Morgan Wallen was previously scheduled on Saturday Night Live in October but was disinvited after he was photographed partying in Alabama
Morgan Wallen and Jason Bateman on SNL
| Credit: NBC

Morgan Wallen made his Saturday Night Live debut, two months after his initial invitation to the stage was rescinded.

During the episode, hosted by Jason Bateman, the country singer, who was featured as the musical guest, appeared in a sketch which spoofed the night Wallen was photographed kissing multiple college women and partying maskless in Alabama, days before he was originally set to appear on SNL. (Wallen, 27, was previously scheduled to perform on the Bill Burr-hosted episode in October.)

In the sketch, the "More Than My Hometown" singer made fun of himself by reenacting his bar outing in Alabama with the help of Bateman, who played the role of Wallen one month in the future.

"I am you from the future and I came here to stop you from partying tonight," Bateman's character said, later adding, "Trust me somebody's gonna post a video of you ignoring COVID protocols, the whole internet's gonna freak out ... Once people hear about the party, you're in big trouble man, you're gonna get kicked off Saturday Night Live."

When Wallen responded with, "Lorne [Michaels] would never do that," Bateman's character said, "Of course Lorne wouldn't, he ain't no puss. He's the goddamn man, he's got balls the size of Toyotas. But the execs at NBC, they're gonna force his hand bro."

Wallen, in character, appeared worried as he shared, "Well I don't want to screw up an opportunity like that or let my fans down. I guess I'll leave the party then." But not before Bateman's character convinced him otherwise.

"Now I know it's hard, I actually forgot how fun this party was. I mean you got cute girls over here, you got tons of booze, I bet there's a whole hell of a lot of drugs around right? Maybe we stay for another five or 10 minutes," Bateman's character said.

Next, Bowen Yang, who played Wallen two months in the future, urged the singer and Bateman's character to avoid any experimental skin regimen. Shortly after, Pete Davidson appeared as a random guy at the party, similarly dressed as the trio, who predicted: "You're going to do the right thing and accept responsibility for what you did tonight ... [SNL]'s gonna have you on two months later, I promise. There aren't many people willing to fly to New York right now."

Back in October, Wallen addressed his sudden removal from the show's lineup after Jack White replaced him as the musical guest.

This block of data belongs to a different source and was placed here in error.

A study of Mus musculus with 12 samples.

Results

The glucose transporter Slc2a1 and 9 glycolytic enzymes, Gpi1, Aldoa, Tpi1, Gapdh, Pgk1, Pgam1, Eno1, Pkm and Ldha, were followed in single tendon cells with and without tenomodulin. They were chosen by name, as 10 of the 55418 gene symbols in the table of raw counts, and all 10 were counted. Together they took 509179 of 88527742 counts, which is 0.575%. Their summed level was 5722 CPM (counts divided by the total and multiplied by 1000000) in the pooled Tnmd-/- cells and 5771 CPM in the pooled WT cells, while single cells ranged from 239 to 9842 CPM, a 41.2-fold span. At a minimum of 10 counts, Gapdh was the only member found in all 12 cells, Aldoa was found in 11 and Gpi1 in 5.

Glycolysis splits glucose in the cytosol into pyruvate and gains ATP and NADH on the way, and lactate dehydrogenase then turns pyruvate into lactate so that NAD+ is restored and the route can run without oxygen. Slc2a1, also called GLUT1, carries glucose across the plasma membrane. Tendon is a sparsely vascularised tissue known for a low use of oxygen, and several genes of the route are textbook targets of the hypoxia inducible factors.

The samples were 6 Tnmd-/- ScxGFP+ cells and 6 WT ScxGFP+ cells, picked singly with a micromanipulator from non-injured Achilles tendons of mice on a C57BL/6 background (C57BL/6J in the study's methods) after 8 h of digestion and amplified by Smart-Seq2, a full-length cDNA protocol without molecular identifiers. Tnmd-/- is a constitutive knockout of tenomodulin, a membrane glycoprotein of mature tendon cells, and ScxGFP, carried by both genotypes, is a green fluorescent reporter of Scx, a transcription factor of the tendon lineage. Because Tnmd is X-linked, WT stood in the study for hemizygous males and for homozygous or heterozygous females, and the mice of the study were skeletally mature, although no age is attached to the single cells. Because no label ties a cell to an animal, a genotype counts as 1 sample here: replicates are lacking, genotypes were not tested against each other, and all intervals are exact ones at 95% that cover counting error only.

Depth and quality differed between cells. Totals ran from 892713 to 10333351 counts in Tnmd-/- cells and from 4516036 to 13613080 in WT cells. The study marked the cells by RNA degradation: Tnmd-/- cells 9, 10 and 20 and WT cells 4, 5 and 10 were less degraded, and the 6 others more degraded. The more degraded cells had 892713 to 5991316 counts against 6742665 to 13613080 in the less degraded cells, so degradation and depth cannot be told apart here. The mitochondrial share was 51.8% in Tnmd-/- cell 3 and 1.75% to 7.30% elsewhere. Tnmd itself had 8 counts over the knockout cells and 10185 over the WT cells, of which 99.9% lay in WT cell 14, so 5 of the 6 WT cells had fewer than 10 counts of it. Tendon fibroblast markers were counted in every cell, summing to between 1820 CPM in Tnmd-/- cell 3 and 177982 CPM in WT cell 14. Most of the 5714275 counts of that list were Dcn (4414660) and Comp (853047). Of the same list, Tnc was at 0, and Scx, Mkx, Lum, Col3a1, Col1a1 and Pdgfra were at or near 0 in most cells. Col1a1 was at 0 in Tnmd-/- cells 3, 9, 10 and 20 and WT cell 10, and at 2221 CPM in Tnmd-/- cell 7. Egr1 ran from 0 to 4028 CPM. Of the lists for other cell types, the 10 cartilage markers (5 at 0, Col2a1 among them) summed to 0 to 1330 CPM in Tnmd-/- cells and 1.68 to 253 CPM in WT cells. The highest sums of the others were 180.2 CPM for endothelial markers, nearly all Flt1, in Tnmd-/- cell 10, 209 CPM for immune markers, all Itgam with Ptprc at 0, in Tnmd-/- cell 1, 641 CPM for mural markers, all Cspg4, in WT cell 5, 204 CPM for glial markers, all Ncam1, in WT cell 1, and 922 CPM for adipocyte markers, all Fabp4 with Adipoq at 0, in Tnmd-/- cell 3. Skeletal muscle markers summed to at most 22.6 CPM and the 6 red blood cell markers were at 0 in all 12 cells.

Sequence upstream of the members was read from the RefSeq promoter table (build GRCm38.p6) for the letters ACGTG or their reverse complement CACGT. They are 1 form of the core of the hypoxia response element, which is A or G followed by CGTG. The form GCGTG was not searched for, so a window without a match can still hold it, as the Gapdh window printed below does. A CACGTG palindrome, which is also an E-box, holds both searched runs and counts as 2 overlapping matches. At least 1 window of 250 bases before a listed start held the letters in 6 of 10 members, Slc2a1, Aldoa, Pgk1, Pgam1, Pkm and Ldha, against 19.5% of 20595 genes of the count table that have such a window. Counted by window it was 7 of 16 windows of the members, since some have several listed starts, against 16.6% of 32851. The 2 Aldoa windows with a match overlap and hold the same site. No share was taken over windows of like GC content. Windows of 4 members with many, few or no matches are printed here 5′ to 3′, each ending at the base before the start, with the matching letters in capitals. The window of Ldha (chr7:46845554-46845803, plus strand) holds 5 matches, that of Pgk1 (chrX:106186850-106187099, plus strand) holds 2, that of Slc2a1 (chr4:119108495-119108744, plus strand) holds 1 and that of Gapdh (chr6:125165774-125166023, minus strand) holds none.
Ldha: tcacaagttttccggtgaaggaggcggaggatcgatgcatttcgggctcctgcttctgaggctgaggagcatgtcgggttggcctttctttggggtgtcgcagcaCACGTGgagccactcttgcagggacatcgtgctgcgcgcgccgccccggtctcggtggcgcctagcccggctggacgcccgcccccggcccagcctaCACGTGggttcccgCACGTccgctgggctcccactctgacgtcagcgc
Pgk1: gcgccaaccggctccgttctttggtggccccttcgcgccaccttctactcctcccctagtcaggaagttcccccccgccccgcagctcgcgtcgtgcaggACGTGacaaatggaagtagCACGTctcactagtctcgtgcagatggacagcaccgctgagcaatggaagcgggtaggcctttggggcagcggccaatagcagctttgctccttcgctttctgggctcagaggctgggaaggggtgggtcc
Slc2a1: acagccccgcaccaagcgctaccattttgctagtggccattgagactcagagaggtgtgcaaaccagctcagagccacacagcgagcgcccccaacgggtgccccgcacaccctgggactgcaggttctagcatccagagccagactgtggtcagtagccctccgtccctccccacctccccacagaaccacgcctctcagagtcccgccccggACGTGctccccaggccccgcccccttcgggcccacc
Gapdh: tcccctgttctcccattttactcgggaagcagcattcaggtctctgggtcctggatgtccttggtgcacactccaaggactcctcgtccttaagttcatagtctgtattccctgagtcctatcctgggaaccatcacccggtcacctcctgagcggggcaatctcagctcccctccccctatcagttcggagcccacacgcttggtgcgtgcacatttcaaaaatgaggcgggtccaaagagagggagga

"I'm not positive for COVID, but my actions this past weekend were pretty short-sighted and that have obviously affected my long-term goals and my dreams," he said in a lengthy Instagram video at the time. "I respect the show's decision because I know that I put them in jeopardy. I take ownership for this. I'd like to apologize to SNL, to my fans, to my team, for bringing me these opportunities and I let 'em down."

"You know, I think I've lost myself a little bit. I've tried to find joy in the wrong places and I don't know, it's left me with less joy," he added. "So I'm gonna go try to work on that. I'm gonna take a step back from the spotlight for a little while, and go work on myself."

Then in November, Wallen spoke to Bobby Bones about the controversy, how he cleared his mind and tried to grow from the incident.

"Having a son, obviously now I don't know that I'd be proud to show him those videos," he said, referring to his 4-month-old son Indigo Wilder. "I gotta think about some things a little bit differently."

Wallen, who picked up the new artist of the year award at the recent CMAs, said then that the low moment was "almost a good thing" for him.

Morgan Wallen
Morgan Wallen
| Credit: Jason Kempin/ACMA2020/Getty

"I took a while, like almost two weeks, and just turned my phone off and didn't even look at it," he said. "Drove on the tractor, things like that, and just cleared my head. It was really, really good to me."

"Honestly, throughout this whole process, there's been times where I would just be like, 'I'm kind of like lonely and I don't know if I even like this,'" he added. "Then you know there's another high and you're like, 'Wow yeah I love this.' It just kind of goes through phases."

During his SNL appearance, Wallen performed his singles "7 Summers" and "Still Goin Down."

As information about the coronavirus pandemic rapidly changes, PEOPLE is committed to providing the most recent data in our coverage. Some of the information in this story may have changed after publication. For the latest on COVID-19, readers are encouraged to use online resources from the WHO and local public health departments. PEOPLE has partnered with GoFundMe to raise money for the COVID-19 Relief Fund, a fundraiser to support everything from frontline responders to families in need, as well as organizations helping communities. For more information or to donate, click here.